How CosmeticSurgeryBakersfield.com Gets Away with Search Spam
For an inbound marketer, there is no feeling worse than watching a competitor game their way to the top of search results. While you’re out there spending money on public relations, helping the community, and building the absolute best reputation of anyone in your industry, your competitor has his feet up on the desk laughing in your face.
Case in point, cosmeticsurgerybakersfield.com.
In this post we are going to analyze the link and citation profile, and historical search data we have for the domain to better understand how it has managed to weasel its way past three recent Google algorithm updates: Panda, Penguin and EMD.
JumpTo Criteria (hybrid local & natural SEO):
- Exact Match Domain
- Link Profile
- Anchor Text
- Citations / Business Listings
- Ratings / Reviews
- Social Media
- Duplicate Content
Below is a screenshot of the domain’s keyword placement as of June 6, 2013:
In October, Matt Cutts announced a “weather report” that would affect low-quality exact match domains, referring to domains with limited authority. The site is clearly exact match, but are more people searching for the domain, then say the next competitor in search: Beautologie? Let’s find out:
Clearly, there are not more searches for the domain or for Dr Helliwell. Based on the Vince Update of 2009, Google is supposed to give more weight to brands. Therefore no, neither the business or domain have more search authority than other results.
Google Penguin 1.0 and Penguin 2.0 are algorithm updates that allegedly penalize websites with suspicious link profiles. We don’t have access to the Webmaster Tools, so we’ll have to use a few 3rd party tools to get as much insight as we can.
According to suspicious link detection tool RemoveEm.com, this EMD site has one heck of a nasty link profile. Yes, that number is 115,624 suspicious links (see screenshot below):
Want to see the entire link profile? Here you go: http://goo.gl/kLWFr
The folks at ahrefs.com also have some interesting data:
For only 1% of the inbound links from over 5,000 domains to be images seems somewhat odd doesn’t it? Now take a look at quality of some of the actual links they’ve been going after:
High quality stuff right? (Yuck)
Part of Google Penguin’s job is to identify excessive “commercial keywords” used within external links. If your link profile shows mostly brand names, URLs, click here, and a few keywords used, you have a “natural” link profile.
This doctor’s SEO company did something slick: they insured that the majority of their crappy links included the brand name; in fact, TWO variations of the brand name, then they spammed the living hell out of the rest of the backlinks with hundreds of commercial keyword variations (see screenshot below).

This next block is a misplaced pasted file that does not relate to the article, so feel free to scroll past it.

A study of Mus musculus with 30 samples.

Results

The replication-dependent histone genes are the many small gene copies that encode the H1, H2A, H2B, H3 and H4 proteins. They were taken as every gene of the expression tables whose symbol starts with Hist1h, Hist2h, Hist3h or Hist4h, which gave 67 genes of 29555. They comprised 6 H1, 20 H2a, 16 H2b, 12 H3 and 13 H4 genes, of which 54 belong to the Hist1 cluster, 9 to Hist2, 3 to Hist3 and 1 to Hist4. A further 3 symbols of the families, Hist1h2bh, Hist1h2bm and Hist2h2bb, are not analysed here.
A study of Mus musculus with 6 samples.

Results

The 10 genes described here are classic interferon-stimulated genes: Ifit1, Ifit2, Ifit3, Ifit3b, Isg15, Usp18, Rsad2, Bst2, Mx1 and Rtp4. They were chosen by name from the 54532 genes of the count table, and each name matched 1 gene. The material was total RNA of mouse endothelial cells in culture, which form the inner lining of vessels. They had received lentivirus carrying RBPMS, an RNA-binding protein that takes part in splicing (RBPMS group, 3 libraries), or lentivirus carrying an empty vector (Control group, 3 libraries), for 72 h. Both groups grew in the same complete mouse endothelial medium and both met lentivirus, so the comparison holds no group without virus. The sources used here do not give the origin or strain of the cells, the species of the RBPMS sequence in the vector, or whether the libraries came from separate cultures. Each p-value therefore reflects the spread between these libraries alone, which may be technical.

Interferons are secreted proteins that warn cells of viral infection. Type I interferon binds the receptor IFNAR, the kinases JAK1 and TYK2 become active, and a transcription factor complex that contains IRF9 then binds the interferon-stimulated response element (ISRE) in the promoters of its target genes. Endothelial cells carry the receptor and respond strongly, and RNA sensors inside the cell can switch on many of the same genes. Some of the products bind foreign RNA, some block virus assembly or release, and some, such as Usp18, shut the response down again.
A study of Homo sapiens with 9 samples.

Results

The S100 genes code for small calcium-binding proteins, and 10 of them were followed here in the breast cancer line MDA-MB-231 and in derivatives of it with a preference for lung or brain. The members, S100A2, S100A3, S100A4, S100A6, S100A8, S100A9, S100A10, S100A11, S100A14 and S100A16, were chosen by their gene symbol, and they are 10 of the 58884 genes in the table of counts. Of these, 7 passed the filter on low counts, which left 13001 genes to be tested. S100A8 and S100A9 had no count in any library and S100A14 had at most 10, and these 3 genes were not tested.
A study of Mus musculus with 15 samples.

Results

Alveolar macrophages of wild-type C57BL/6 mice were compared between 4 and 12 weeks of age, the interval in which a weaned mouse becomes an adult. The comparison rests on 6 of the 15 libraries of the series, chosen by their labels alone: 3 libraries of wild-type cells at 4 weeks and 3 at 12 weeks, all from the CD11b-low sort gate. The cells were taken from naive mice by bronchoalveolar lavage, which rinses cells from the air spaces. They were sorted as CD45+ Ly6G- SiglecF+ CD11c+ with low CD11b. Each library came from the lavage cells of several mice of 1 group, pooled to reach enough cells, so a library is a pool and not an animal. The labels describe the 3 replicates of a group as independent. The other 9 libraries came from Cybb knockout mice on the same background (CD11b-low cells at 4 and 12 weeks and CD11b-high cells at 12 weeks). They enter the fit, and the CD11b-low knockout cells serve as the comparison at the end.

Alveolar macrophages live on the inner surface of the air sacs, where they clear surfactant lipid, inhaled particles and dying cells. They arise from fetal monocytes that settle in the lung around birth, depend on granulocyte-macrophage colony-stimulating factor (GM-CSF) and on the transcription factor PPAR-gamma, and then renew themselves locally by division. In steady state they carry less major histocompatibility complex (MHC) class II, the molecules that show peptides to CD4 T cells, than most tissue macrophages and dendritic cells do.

Based on the results, should we just assign a budget of $1k/mo for “brand name spam” and $1k/mo for “100 variations of commercial keyword spam”? Because obviously the news sites and charity organizations some of the competitors are earning links from have zero value compared to the crap this SEO company is slinging.
Local SEO has many search ranking factors. Among them, the geographical location and the distance from where you are to the closest local business. As you can see from the screenshot below, the business is absolutely NOT the closest to what Google has as the centerpoint of Bakersfield:
Which brings us to citations (or business listings), which work similar to links when the business Name, Address, and Phone (N.A.P.) all match. Thanks to our friends at Whitespark and their local citation finder tool, we’re able to detect and note the limited 17 citations earned compared to the average 57 earned by competitors:
What types of citations do competitors have? General and industry-relevant citations, compared to Dr. Spam:
Though Google wasn’t showing Zagat reviews at the time of this post, some simple math can help one figure out that half of the reviews on the Google Plus Local page were negative in nature. Now I don’t know what Google’s thinking, but based on the positive reviews of competitors, it seems that they’d want to rank websites with positive reviews higher than those with negative ones. Must be their lucky day.
Not accounting for AuthorRank, social shares among the top ranked cosmetic surgeons aren’t much to boast about across the board (see table below, courtesy of our friends at the new Moz.com). Despite the fact that they have a few more Likes and Tweets, none of the businesses appear to have any engagement with industry influencers, thereby virtually nullifying any potential value from social media. Social isn’t a signal based on volume, it’s one based on value and authority.
We discussed Exact Match Domain and Google Penguin, but haven’t yet mentioned Panda. Well, low and behold, several pages throughout the website are actually direct copies of content stolen from other domains. In the example below, notice how the tummy tuck page plagiarizes CosmeticGynCenter.com’s tummy tuck content, which (thankfully) is causing that particular page to be omitted from Google results.
You tell me, is this a website deserving of top placement within search results?
Now the Big Question: What Will Google Do About This?
According to Matt Cutts, Google plans to make several search quality improvements over the summer, so there is a likelihood that this spammer will get caught and penalized. However, from what I understand this particular listing has survived every update Google has thrown at it. Perhaps it’s time for a manual review?
Your comments on this post are extremely appreciated!